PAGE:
Mark 11: 1-11
There’s a tradition about the palms that so many of us had last Sunday that says that these provide the ashes we use for next years’ Ash Wednesday. Now, my ashes are store bought, and in my little pyxis (the clay jar I keep them in) is enough to last me the rest of my career, unless they get spilled sometime in the next 30 years.
I tried once to burn the palms I needed for Ash Wednesday. Once. It was in Trenton, TX, my second year, and I had no idea what techniques there were to do it properly. I tried to do it in my barbeque, it seemed safer that inside. But they burned incompletely, and I didn’t catch them properly, so I neded up scooping them out with some of the ash alkready in the bottom of the barbeque. So my Ashes that year looked suspiciously too white, and smelled suspiciously like hickory and KC Masterpiece.
Store bought ashes are just fine, thank you!
We have now almost come full circle. Wednesdays’ ashes have become Sunday’s Palms. We celebrate today the day that Jesus arrived in Jerusalem, riding a donkey colt, and the people shouting Hosanna! It is also the week in which popular sentiment will turn against Jesus So quickly, and there are many factors that go into why.
1. He wasn’t the Messiah they were thinking of; and
2. The crowd listened to their leaders’ whispers, and began to think that Jesus needed to be dead.
I’m not going to talk about the reason for Jesus’ birth, or death, or how these events freed us and saved us-that is a sermon on it’s own, and perhaps several. Or you can just look at this article, written by a friend of mine:
It is our place, today, to meditate on these scriptures we have heard-where do we put ourselves in this crowd? How do we feel when we see the latest Messiah come into our city with confusing images, like on a donkey, instead of a grand warhorse?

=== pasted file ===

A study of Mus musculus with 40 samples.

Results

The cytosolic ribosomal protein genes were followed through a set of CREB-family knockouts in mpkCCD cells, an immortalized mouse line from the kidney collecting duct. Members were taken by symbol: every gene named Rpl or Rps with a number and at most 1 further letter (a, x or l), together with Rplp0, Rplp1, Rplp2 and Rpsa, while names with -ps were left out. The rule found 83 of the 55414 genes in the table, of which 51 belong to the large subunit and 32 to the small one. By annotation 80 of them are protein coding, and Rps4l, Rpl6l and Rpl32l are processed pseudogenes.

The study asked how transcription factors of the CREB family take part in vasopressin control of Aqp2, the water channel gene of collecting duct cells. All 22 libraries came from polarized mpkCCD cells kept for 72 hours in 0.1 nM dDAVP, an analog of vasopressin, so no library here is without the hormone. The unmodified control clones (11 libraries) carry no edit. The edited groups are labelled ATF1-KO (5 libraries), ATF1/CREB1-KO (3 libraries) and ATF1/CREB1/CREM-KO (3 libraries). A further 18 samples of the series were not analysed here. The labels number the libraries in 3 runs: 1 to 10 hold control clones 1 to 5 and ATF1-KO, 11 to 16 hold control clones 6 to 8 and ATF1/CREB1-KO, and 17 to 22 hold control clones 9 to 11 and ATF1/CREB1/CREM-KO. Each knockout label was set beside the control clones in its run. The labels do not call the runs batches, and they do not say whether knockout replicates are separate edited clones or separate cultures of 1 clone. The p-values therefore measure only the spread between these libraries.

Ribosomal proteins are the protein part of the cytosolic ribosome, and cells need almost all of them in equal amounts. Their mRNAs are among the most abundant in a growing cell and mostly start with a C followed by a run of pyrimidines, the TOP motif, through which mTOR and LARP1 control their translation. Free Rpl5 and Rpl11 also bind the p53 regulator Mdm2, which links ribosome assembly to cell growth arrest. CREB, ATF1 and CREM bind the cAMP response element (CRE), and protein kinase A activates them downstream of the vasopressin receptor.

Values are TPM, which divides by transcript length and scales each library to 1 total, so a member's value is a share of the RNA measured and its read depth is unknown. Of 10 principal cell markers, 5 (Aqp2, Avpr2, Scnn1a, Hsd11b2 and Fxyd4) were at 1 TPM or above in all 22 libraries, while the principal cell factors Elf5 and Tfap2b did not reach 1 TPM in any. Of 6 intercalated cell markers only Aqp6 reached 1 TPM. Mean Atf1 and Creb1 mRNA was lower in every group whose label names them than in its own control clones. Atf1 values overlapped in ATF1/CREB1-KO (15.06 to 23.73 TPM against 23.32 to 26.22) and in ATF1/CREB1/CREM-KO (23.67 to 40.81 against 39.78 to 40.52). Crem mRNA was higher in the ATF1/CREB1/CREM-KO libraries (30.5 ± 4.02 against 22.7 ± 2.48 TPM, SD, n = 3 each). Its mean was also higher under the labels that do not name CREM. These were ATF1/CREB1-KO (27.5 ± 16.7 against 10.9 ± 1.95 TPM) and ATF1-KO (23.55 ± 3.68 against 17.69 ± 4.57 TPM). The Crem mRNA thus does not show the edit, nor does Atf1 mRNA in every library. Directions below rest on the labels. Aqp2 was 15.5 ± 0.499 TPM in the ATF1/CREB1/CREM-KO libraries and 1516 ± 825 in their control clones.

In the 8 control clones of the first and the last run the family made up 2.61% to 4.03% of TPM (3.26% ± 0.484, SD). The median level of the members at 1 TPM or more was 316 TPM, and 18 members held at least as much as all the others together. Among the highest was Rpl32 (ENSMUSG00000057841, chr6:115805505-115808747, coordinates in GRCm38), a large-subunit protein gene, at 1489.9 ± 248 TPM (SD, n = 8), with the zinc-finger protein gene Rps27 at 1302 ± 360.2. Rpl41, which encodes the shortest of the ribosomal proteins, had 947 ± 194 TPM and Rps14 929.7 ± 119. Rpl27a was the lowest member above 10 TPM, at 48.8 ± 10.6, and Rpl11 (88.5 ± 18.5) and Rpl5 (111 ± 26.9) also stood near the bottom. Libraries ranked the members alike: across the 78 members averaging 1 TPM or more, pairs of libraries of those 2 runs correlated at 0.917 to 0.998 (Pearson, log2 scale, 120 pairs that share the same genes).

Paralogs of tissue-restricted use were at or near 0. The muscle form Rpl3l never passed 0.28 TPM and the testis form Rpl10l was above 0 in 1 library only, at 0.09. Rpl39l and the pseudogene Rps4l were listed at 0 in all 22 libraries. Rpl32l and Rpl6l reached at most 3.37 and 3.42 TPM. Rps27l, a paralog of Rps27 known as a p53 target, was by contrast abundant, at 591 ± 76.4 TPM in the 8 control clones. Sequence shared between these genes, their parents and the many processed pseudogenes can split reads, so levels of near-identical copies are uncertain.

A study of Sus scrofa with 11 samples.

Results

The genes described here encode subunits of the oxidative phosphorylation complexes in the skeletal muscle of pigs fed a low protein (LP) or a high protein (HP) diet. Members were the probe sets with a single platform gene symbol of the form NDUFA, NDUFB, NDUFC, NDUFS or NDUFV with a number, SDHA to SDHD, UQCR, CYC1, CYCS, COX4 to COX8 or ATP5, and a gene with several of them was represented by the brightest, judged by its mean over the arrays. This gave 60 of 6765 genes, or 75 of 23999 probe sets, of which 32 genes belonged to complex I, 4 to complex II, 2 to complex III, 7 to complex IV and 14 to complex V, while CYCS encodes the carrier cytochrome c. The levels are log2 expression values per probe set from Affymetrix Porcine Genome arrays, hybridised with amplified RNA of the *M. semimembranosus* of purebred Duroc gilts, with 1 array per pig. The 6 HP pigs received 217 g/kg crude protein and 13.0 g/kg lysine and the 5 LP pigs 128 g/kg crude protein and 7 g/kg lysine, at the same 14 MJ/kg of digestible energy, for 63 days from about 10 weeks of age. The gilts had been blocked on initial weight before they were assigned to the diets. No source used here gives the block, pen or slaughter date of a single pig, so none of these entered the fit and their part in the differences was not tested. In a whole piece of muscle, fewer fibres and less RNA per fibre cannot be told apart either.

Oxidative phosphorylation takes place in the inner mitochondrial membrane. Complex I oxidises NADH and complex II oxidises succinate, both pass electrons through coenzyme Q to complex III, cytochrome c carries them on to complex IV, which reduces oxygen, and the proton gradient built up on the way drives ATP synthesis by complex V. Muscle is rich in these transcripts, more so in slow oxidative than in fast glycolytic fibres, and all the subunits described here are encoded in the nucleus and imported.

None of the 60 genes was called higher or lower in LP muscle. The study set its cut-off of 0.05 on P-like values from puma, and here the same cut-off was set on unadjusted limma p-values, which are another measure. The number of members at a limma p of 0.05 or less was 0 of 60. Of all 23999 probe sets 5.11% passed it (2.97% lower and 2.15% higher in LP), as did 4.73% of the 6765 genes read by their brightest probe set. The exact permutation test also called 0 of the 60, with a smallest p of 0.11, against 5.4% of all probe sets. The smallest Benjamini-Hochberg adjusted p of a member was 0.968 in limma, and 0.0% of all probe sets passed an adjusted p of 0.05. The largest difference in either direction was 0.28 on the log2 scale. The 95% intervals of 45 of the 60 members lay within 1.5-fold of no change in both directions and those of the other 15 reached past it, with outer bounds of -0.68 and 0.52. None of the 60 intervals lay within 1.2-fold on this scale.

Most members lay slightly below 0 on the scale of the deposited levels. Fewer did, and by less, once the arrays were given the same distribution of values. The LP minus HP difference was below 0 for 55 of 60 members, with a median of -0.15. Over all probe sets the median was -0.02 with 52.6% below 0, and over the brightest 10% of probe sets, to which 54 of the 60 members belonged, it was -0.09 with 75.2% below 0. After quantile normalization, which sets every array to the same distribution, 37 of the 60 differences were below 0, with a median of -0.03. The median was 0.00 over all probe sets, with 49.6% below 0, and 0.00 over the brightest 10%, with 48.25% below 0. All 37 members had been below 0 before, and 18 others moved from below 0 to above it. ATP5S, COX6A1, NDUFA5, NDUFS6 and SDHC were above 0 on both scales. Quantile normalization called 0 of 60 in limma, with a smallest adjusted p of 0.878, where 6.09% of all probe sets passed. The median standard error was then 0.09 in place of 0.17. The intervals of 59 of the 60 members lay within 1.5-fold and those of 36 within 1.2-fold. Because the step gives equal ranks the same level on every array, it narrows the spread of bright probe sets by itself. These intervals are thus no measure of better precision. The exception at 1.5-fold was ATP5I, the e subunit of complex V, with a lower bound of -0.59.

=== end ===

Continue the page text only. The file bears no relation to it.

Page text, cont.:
And then, how do we feel when we go home, and already there is gossip swirling around about the things that this latest Messiah might have said, like wanting to destroy the temple, and that he may have upset all the folks in the outer courts by destroying their tables, where they keep their money exchange businesses?
The opinions begin to turn. And you may be there thinking “well, I would have known it was Jesus, and I would have seen him for who he was.”
Probably not. Public opinion can turn so fast. While not comparing them to Christ, may I remind you how many front runners the Republican party had just last summer? 5? 6?
The same human characteristics are at work then as are at work now. Public opinion can be fickle, and when it’s told to you by someone in authority, it carries even more weight.
It’s hard for this sermon to have one point, because in the story, we are in the middle. The last supper is coming in the story, the prayers in the garden, the arrest, the trial. We’ve been telling the story of the last 24 Hours all during let, but in holy week, we have to be aware of the story that comes before.
We know the end to this story. We know that Jesus is killed. We know that Jesus is resurrected, and stays with the disciples another 50 days, and then ascends to heaven, after telling the people that they will have the power to tell the story, to teach and to love.
But then we really don’t know the story in its entirety, do we? We really don’t know how it ends.
That’s because the story winds down the centuries, through the early church fathers, the church in Rome, and Constantinople, The Crusades, the birth of Protestantism, the colonization of the Americas and Africa, down to us right here right now.
The story isn’t finished. You and I are writing the newest chapters now. We are entrusted with the story. Our faith tells us how it ends, but it takes our actions to continue it-to write the new episodes.
We carry the story forward. May God give you the strength to tell the story, of Christs’ choice for us, and our choice for God.